The psychiatric complications of AIDS---depression, anxiety/panic disorder, delirium, mania, psychosis and organic brain disease are common and very treatable. The incidence of these syndromes increases with non-psychiatric HIV disease progression. Medically sicker patients are more apt to have psychiatric complications.


Recent observational studies have suggested that the prevalence of depression in HIV-positive persons ranges between 4 percent and 14 percent, compared to a general population prevalence of approximately 5 percent.

The overlap problem has also been noted in diagnosing depression in the geriatric population where many of these symptoms can been seen with aging or co-morbid medical disease.

Another significant methodologic problem in diagnosing depression in patients with HIV disease is the overlap between symptoms of organic brain disease and primary depression. These symptoms can include anhedonia, decreased libido and blunted affect. In some patients, it appears that the organic brain disease and the depression.

A major barrier to the effective diagnosis of depression in the medically ill is the understandable but incorrect notion that depression is a situationally appropriate response to medical disease. For example, many providers may believe that they, too, might be depressed were they facing the losses involved in having HIV disease.

Anxiety/Panic Disorder

HIV-positive patients commonly experience anxiety and, when this is chronic, it can be extremely disabling. Symptoms of anxiety include trouble falling asleep, impaired concentration, fatigue, and psychomotor agitation. Medications often may cause anxiety; these include corticosteroids, nonsteroidal antiinflammatory drugs, and high-dose sulfonamide therapy. Anxiety also can be caused by substance use withdrawal. All patients with new anxiety should be screened carefully for substance use or drug withdrawal.

Discrete intense episodes of anxiety that include a constellation of physical symptoms such as dizziness, chest pain, shortness of breath, paresthesias of the fingers, toes and lips, and a sense of impending doom are called panic attacks. Medically ill patients have an increased incidence of panic attacks relative to the general population.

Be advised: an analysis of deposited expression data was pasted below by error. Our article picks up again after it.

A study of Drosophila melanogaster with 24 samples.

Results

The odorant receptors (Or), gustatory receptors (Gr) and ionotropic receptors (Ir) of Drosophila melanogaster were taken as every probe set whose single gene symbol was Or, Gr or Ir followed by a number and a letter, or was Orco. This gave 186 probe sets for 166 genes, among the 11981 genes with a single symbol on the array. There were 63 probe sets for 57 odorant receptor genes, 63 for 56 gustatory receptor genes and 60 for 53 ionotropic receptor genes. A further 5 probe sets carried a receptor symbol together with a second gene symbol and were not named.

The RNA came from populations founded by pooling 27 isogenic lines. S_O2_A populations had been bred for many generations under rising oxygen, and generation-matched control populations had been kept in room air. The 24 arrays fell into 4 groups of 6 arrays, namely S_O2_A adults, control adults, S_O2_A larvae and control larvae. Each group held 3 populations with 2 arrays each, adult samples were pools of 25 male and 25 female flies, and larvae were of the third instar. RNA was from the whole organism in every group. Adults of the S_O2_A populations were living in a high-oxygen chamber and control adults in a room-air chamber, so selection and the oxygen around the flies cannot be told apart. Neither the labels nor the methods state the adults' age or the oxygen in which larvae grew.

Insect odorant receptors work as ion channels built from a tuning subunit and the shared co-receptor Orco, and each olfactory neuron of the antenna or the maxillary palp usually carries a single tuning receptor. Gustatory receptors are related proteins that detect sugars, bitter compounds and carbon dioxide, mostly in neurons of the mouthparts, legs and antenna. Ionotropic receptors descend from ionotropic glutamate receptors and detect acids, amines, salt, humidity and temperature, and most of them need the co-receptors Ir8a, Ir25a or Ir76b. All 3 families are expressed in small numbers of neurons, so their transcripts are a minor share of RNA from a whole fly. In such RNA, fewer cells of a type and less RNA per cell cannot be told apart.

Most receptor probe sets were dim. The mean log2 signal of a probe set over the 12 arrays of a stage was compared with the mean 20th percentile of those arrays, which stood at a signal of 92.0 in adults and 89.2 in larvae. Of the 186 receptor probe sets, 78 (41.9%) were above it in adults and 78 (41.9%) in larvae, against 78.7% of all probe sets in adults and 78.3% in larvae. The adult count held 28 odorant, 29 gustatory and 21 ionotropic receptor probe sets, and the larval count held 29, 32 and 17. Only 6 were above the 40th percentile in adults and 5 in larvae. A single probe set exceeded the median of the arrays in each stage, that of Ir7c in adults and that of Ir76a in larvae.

Delirium is a life-threatening complication of many medical diseases including HIV disease. The causes of delirium are many and diverse and, therefore, an inclusive diagnostic approach should be undertaken initially.


Mania is a disorder of mood characterized by persistently grandiose or irritable moods with less need for sleep, psychomotor agitation, inflated self esteem, and pursuit of pleasurable activities with impaired judgment.

Carbamazapine (Tegretol) also may be useful, but some experts are concerned about the possibility of Tegretol causing bone marrow suppression in patients with HIV disease who are already receiving marrow suppressives.


HIV-positive patients may exhibit symptoms of psychosis that are indistinguishable from primary functional disorders. Symptoms of these psychotic disorders include hallucinations, delusions, flight of ideas, and paranoid delusions.

Treatment. Because of the risk of neuroleptic malignant syndrome and increased frequency and severity of extrapyramidal symptoms seen with high-potency neuroleptic medicines in people with advanced HIV disease, mid-potency neuroleptic medicines such as Trilafon are generally the best treatment for HIV-associated psychosis. While low-potency neuroleptics such as Thorazine and Mellaril may be useful to help the patient sleep.

Organic Brain Disease/Dementia

HIV-associated organic brain disease is often the organic substrate underlying the psychiatric syndromes previously discussed. There is a great deal of overlap between patients with HIV-associated organic brain disease.